Apple-Samsung, Split-Court Verdict on Patents

Morning Business Memo

It's a draw. A court in South Korea has ruled that Apple and Samsung both infringed on each others' patents. The decision comes as a global fight between the two tech rivals is played out in legal cases across the globe. The court in Seoul ordered a partial ban on sales of iPads and some smartphones from both companies. Judges said Samsung - a South Korean company - did not copy the look and feel of the iPhone, while Apple infringed on Samsung's wireless technology. But in a split decision on patents, the panel also said Samsung violated Apple technology behind the bounce-back feature when scrolling on touch screens, and ordered both sides to pay limited damages.

South Korea is not a big market for Apple, and the ruling is unlikely to have a big impact on jury deliberations in the United States. A jury at a patent infringement trial in San Jose, Calif., has been considering a verdict.

He wants more time to start paying down a huge load of debt. New Greek Prime Minister Antonis Samaras holds talks with German Chancellor Angela Merkel today. It could be an awkward meeting. Germany is deeply skeptical about the Greek claim that it needs more time to put austerity in place. Merkel and French President Francois Hollande Thursday urged Greece to keep pushing through painful reforms and made no mention of allowing more leeway.

Spending and budget reforms are a pre-condition for bailout loans. If Greece doesn't get the money, it's likely to default on its loans and drop out of the eurozone. That could trigger a new crisis.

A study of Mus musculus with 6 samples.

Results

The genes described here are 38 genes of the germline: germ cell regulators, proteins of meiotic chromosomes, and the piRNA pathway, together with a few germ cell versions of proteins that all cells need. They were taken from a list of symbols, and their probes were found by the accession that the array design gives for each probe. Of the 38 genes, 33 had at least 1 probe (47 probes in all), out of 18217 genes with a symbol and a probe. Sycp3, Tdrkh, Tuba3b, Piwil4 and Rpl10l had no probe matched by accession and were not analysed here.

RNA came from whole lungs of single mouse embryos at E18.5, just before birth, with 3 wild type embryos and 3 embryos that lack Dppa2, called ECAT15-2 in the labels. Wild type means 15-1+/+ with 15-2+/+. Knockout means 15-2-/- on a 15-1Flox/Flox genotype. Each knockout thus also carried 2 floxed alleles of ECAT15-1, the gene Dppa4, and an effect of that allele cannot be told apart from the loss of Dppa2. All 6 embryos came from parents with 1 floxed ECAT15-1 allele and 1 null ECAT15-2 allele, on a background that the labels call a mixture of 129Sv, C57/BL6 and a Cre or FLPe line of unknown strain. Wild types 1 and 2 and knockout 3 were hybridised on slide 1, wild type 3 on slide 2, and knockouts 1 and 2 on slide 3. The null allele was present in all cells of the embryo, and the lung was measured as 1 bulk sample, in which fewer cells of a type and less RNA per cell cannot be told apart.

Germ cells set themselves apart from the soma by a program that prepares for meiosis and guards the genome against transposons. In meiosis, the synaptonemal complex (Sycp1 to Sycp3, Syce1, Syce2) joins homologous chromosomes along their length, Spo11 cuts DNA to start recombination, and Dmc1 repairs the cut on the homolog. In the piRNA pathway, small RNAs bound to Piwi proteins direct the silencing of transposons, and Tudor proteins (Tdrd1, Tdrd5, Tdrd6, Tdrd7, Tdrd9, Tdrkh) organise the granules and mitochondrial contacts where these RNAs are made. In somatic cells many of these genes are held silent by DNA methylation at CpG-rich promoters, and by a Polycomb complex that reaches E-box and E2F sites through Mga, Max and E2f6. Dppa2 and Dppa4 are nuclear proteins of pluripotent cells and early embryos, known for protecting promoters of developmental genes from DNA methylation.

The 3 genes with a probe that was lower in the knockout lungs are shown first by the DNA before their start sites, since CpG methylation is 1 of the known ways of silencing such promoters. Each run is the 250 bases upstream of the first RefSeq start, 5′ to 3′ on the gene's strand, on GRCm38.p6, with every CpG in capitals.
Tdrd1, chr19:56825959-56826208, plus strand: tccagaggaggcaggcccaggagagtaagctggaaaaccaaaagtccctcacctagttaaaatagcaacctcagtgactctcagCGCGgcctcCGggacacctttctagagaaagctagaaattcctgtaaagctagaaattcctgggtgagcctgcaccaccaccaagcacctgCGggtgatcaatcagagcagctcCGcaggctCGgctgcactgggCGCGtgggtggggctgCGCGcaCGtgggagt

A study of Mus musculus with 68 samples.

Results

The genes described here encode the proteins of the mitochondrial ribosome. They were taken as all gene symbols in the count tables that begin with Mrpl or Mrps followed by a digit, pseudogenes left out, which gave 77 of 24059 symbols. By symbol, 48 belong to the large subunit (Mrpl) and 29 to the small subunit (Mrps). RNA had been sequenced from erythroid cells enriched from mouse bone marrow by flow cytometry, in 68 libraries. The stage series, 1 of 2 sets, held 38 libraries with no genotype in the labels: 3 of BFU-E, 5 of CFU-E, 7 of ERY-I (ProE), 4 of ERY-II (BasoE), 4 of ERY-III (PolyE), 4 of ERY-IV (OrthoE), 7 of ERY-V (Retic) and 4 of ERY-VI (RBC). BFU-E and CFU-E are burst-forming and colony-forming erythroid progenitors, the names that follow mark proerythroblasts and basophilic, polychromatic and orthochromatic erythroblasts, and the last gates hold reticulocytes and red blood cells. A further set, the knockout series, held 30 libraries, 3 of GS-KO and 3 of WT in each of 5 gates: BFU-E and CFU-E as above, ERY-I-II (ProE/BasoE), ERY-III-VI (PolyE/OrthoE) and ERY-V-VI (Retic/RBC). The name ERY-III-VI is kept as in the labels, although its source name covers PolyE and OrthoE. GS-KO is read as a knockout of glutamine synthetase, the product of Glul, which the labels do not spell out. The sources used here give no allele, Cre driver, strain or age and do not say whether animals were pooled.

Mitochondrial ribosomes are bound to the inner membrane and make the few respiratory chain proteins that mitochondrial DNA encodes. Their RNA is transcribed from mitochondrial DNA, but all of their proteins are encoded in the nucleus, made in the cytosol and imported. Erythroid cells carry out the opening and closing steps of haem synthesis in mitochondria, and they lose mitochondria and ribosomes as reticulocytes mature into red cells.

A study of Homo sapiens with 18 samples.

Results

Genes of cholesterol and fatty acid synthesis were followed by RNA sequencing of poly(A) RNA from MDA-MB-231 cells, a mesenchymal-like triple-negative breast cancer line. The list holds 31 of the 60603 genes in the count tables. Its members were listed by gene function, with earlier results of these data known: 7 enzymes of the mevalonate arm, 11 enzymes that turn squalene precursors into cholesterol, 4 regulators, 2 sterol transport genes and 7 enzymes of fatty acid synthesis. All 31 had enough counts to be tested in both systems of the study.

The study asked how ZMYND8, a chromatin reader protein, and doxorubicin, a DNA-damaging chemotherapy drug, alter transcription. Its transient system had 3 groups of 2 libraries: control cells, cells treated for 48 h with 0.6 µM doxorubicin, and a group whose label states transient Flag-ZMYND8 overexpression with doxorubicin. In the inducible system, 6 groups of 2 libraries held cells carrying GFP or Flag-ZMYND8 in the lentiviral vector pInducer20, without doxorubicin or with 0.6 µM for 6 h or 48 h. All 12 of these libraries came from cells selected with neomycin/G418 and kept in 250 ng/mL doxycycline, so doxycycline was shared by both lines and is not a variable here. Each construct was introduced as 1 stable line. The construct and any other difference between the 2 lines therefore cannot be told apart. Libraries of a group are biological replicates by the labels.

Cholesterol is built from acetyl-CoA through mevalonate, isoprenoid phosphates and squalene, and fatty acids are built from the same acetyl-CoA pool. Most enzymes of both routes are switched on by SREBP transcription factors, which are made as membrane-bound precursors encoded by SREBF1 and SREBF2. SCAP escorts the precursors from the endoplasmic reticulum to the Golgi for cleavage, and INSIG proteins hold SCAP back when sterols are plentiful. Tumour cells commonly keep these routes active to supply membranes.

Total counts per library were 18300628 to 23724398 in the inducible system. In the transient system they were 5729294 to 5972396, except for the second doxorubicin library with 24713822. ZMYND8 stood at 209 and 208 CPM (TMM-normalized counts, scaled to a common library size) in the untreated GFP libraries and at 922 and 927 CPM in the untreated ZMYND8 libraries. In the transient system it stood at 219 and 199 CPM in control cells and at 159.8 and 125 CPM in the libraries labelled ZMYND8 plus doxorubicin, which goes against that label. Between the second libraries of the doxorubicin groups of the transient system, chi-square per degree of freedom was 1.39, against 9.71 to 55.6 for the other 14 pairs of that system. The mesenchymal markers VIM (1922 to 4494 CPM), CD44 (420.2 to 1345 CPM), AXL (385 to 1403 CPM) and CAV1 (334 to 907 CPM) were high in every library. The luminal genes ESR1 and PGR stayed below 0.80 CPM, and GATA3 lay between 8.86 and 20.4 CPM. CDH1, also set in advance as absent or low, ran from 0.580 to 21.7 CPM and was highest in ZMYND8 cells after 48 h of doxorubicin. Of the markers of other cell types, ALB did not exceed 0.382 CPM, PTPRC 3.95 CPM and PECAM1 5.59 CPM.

Stocks are up in value so far this year and so is gold. With widespread speculation about the of easing by central banks in the United States, Europe and Asia, gold prices have been up 11 days in a row, reaching a four-month high. But Bloomberg News reports, "Physical demand is slowing elsewhere, with sales of American Eagle gold coins by the U.S. Mint dropping 49 percent to 30,500 ounces last month, the lowest since April."

There's renewed talk of the gold standard. Republican drafters of the party's 2012 platform called for the creation of a commission to "consider the feasibility" of returning the U.S. dollar to the gold standard "to set a fixed value" for the currency. President Nixon ended the dollar's link with gold in 1971.

How's manufacturing doing? A government report today will provide a snapshot. Analysts expect the July durable goods reports to show an increase of about two and-a-half percent.